Water district unveils plans for treatment plant


PICO RIVERA — The Water Replenishment District of Southern California Nov. 3 unveiled the design for a $95 million water treatment plant here.

When operational in 2018, the plant will recycle an estimated 10,000 acre feet of water a year, General Manager Rob Whitaker said.

An acre foot is about 330,300 gallons.

That will make the district — the groundwater manager for four million Los Angeles  County residents — totally independent of costly imported water, Whitaker said.

Besides reducing local costs, the project will help other areas suffering from drought by leaving more water for them via the Northern California pipeline and the Colorado River, where the district now imports its outside water, district President Sergio Calderon said.

“Today we make more history by continuing our march” to water independence, a long-time plan of the 54-year-old agency, Calderon said.

Assembly Speaker-Elect Anthony Rendon, D-South Gate, was the guest speaker, along with Assemblyman Edward Chau, D-Monterey Park.

They were honored for their work pushing through legislation for a $7.5 billion state water bond, approved by voters, which will help fund the local project.

“Today we get to see the fruits of our labor after an 18-month battle,” Rendon said. “The water bill was approved with 72 votes in the Assembly.”

“In the past, the effort was to convey water here from long distances. Now we can make it a local effort. We must rely on local solutions,” he added.

Chau said “this is an historic day. This will be the first part of the state to obtain water sustainability.”

“No matter what the weather brings, we will have water for our customers, and we will save engery,” water district board member Rob Katherman said.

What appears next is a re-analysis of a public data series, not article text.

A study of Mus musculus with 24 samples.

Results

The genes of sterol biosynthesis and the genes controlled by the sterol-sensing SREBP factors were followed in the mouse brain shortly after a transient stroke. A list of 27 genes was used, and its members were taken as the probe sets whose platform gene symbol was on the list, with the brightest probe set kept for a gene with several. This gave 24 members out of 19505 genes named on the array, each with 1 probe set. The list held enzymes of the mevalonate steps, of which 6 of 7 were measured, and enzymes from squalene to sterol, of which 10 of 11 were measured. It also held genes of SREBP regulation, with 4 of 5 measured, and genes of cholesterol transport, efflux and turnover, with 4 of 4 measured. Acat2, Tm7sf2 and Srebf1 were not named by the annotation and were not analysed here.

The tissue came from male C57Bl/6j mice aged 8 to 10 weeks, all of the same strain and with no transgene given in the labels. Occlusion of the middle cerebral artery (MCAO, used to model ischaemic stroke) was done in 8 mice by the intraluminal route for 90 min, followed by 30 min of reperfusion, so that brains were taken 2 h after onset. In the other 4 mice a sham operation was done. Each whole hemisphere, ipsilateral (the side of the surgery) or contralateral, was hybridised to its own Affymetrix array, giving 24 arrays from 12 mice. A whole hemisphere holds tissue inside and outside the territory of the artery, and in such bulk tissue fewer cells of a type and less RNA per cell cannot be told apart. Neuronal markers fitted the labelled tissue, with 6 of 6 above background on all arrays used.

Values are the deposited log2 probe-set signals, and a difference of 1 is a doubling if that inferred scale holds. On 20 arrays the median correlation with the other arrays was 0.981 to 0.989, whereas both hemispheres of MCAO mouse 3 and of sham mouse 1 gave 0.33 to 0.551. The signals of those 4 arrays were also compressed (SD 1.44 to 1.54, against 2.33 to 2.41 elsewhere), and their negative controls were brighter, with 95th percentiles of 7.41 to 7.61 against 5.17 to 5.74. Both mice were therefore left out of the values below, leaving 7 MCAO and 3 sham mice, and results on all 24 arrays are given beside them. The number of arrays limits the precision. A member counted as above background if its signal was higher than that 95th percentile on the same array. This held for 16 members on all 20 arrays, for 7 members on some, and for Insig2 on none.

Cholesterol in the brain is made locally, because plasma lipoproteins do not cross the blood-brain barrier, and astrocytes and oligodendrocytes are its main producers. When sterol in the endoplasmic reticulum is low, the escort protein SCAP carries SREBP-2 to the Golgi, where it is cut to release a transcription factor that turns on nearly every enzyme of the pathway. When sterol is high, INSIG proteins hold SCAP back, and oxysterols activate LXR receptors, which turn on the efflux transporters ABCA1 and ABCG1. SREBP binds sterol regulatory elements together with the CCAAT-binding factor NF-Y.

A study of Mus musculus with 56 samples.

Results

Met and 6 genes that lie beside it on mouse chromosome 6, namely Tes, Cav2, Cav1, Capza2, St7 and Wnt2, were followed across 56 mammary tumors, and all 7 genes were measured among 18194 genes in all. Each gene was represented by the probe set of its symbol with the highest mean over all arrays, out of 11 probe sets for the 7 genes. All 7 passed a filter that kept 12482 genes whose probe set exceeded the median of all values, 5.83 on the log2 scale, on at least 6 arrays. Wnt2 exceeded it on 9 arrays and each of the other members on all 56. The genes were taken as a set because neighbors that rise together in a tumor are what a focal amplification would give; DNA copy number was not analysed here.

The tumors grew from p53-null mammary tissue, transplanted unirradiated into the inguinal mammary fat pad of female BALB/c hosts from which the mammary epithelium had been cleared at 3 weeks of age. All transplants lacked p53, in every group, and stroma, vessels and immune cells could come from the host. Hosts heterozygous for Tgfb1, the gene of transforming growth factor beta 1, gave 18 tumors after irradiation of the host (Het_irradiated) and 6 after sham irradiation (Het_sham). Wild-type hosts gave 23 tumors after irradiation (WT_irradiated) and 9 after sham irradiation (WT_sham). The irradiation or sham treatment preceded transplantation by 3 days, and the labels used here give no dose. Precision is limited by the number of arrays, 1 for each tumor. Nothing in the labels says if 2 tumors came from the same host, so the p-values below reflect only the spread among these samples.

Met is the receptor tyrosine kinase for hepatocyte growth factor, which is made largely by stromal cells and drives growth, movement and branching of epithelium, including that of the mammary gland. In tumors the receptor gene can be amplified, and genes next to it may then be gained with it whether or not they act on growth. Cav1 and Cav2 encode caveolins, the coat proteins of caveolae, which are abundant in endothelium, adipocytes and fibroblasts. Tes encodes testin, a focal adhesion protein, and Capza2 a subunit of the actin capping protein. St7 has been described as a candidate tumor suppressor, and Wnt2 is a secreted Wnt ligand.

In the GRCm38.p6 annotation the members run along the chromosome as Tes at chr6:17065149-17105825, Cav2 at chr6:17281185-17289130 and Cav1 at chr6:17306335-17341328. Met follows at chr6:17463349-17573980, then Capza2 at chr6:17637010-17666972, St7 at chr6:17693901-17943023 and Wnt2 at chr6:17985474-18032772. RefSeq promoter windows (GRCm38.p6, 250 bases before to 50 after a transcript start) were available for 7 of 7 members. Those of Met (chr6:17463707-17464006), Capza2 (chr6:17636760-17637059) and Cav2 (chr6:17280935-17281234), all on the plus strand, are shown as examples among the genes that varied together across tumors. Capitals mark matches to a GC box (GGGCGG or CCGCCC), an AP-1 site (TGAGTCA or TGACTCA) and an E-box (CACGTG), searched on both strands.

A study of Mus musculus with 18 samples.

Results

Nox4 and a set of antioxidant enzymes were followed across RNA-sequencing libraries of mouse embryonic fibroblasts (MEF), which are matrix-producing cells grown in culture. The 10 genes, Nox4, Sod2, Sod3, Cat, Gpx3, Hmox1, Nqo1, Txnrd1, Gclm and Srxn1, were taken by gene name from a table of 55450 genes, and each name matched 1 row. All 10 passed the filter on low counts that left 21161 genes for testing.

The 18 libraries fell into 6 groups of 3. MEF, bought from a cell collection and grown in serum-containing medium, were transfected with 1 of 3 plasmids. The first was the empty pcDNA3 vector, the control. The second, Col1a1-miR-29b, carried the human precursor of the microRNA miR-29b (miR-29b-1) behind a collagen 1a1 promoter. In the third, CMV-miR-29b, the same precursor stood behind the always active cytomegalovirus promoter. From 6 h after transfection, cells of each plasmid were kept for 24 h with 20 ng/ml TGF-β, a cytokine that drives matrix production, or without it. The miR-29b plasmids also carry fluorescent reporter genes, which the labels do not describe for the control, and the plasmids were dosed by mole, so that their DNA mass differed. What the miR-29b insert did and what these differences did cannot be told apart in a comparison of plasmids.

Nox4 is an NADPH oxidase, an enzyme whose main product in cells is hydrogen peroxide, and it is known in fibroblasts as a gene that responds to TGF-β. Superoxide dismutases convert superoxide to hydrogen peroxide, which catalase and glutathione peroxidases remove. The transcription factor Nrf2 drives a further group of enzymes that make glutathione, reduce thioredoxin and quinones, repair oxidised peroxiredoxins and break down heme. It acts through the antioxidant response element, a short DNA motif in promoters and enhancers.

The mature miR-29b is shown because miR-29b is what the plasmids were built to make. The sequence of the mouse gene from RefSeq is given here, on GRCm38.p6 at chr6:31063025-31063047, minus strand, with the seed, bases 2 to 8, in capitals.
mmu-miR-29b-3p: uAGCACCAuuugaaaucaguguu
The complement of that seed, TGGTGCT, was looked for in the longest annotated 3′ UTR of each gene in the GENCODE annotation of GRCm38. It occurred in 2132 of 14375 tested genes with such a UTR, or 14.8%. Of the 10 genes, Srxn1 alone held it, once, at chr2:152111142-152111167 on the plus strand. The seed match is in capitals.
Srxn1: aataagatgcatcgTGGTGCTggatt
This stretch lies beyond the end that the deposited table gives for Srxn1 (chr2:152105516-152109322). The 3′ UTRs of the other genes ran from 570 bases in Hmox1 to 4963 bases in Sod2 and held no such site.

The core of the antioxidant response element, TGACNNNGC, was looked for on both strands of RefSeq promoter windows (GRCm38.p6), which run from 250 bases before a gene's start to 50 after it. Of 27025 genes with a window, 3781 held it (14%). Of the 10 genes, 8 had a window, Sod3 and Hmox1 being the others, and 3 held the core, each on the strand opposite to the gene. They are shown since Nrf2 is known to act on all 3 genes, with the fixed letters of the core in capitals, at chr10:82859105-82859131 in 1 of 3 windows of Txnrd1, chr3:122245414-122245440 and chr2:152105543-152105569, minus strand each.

“This plant will be great for our city and for the region,” said Pico Rivera Councilman Gustavo Camacho, who is also president of the California Contract Cities Association.

Several hundred area officials attended the unveiling in a former warehouse on San Gabriel Parkway that has been purchased by the Water Replenishment District.

The building, which sits along the San Gabriel River, will be demolished to make room for the water recycling plant.

Once treated, the water will be spread along the San Gabriel and Rio Hondo rivers to trickle down into aquifers of the Central and West Basins, which cover most of southern Los Angeles County.

KCET anchor Val Zavala  emceed the event.

“Water will be the new oil,” said Zavala, referring to its value to the public.

The treatment plant will take locally available, less costly wastewater, purify it and use that recycled water to replenish the vast groundwater basins.

The Water Replenishment District, based in Lakewood, was created by the state 54 years ago and oversees two of the nation’s most utilized urban groundwater basins — the Central and West Basins.

Forty percent of the water used by four million residents in 43 south Los Angeles County cities comes from the groundwater in those basins.

The Water Replenishment District service area stretches from Exposition Park to Long Beach and from Whittier to the Pacific Ocean. Ten percent of the state’s population is served by the district.

It currently purchases outside water to replenish water pumped from the two basins by city and private providers. The providers are charged $283 per acre foot based on water they pump out to customers.

Whitaker said that rate should remain stable with the reduction of outside water purchases.